In response to a lawsuit alleging that staff at the luxury Oakmont of Villa Capri senior living facility in Fountaingrove abandoned nearly one third of the approximately 70 residents to fend for themselves during the catastrophic October 2017 North Bay Fires, lawyers for the facility argued—in a stunning display of tone-deafness—that the residents and the family members who rescued them are responsible for any trauma incurred during the evacuation.
In a series of eight separate filings submitted to the San Francisco Superior Court on March 16, Pacific Gas & Electric (PG&E) offered its most detailed legal responses to date over allegations of its role in the catastrophic North Bay Fires of October 2017. Citing the potential for the court’s ruling in this case to set a precedent threatening the economic health of all private utility companies—not just PG&E—the company urged the court’s restraint.
In yet another example of how costs of rebuilding following the catastrophic North Bay fires can expand in unforeseen ways, The Press Democrat reports that at least one homeowner has incurred tens of thousands of dollars in additional expenses and weeks of delays due to arsenic found in his soil after his home was destroyed by the fires. In addition to health and cost concerns, rebuilding homeowners and business owners also must navigate a shifting landscape of rules and regulations as state and local authorities scramble to decide how “clean” is clean enough in the wake of such widespread devastation.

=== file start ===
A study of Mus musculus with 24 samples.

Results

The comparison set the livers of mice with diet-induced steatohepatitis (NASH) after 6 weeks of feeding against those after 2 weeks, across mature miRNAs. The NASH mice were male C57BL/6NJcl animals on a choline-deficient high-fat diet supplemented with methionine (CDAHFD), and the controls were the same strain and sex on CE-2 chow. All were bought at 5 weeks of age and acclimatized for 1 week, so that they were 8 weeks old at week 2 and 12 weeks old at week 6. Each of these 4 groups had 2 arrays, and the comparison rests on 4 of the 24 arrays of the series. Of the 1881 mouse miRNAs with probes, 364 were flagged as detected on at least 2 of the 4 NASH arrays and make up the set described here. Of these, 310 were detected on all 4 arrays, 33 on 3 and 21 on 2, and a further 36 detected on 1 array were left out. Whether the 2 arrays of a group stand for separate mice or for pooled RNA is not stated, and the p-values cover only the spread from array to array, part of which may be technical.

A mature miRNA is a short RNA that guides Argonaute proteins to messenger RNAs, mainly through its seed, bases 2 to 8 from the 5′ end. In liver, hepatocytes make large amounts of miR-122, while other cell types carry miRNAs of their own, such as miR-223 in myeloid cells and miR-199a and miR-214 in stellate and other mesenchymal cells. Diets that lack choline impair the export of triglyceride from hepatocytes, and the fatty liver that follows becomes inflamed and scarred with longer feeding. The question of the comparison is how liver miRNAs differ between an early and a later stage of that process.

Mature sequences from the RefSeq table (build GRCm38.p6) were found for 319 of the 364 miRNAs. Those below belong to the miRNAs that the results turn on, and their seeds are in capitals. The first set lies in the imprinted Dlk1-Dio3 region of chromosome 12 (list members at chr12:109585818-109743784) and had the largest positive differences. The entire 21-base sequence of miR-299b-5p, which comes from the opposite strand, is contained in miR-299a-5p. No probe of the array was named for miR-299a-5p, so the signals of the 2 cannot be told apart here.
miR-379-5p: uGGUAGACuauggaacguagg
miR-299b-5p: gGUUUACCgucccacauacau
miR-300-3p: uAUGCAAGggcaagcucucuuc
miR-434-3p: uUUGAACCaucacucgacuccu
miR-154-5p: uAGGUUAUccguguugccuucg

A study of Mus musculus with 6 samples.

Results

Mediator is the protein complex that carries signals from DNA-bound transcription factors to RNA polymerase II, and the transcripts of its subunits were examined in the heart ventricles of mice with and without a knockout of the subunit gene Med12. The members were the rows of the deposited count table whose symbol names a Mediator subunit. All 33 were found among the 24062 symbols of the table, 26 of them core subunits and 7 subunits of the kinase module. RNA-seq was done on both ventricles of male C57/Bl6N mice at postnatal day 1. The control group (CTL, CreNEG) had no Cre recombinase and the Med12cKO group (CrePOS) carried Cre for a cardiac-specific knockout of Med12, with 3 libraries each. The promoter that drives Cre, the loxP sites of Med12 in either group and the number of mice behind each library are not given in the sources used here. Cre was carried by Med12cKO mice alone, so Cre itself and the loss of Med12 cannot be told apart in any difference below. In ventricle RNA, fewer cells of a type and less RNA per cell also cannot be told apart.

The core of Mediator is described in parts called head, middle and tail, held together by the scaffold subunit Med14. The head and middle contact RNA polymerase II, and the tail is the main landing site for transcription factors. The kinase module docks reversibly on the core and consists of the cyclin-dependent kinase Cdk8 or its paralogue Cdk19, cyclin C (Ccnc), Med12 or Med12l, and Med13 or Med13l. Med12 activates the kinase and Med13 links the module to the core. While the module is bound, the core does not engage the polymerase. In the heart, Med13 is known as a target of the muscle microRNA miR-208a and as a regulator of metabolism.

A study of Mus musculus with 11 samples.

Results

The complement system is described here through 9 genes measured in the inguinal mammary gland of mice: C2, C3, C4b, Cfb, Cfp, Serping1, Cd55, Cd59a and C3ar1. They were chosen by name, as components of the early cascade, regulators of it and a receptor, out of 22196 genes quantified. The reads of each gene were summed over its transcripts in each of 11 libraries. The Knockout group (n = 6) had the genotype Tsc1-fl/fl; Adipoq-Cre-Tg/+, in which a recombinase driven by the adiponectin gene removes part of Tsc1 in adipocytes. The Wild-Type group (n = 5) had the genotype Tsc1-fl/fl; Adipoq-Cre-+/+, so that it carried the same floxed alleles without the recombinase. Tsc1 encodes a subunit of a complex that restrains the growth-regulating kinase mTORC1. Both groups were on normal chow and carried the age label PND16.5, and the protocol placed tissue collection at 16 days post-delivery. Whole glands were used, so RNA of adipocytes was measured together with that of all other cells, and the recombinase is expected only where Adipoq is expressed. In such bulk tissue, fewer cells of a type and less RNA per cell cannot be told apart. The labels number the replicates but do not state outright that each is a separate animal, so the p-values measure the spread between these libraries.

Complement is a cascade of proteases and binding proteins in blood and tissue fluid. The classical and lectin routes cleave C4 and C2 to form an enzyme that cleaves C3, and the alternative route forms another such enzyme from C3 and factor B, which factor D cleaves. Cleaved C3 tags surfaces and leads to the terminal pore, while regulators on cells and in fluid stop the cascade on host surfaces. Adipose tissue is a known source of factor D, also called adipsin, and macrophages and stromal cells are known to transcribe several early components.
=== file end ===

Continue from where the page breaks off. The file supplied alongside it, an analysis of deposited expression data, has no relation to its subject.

The devastating North Bay fires of October 2017 continue to impact even those businesses whose locations were not to destroyed by the flames, adding lost business income to the growing list of costs associated with the disaster. While those Santa Rosa businesses that were not among the 29 damaged or destroyed by the fires might consider themselves fortunate on that count, it does not mean they have gotten away completely unscathed. In fact, many local small business owners lost their homes to the fire, only to see their businesses—spared initially—struggle to survive in the aftermath.
April 2013, Marvin Coleman of Georgia was admitted for long-term care at Heritage Healthcare of Forsyth, a facility operated by United Health Services of Georgia. At the time, Coleman was competent to sign his own admission documents, which included a voluntary alternative dispute resolution (ADR) agreement relating specifically to the Forsyth facility. In those documents, Coleman also stated multiple times that his brother-in-law Charles Biggerstaff was his representative on healthcare related issues.
In March 2015, 87-year-old Antonio Avila of Southern California was suffering from a number of ailments, including sepsis and chronic renal failure. Hoping to get his ill father the treatment he so desperately needed, Antonio’s son Alex—whom Antonio had named his agent via a 2007 power of attorney agreement—had his father transferred to a long-term acute care facility, Kindred Hospital.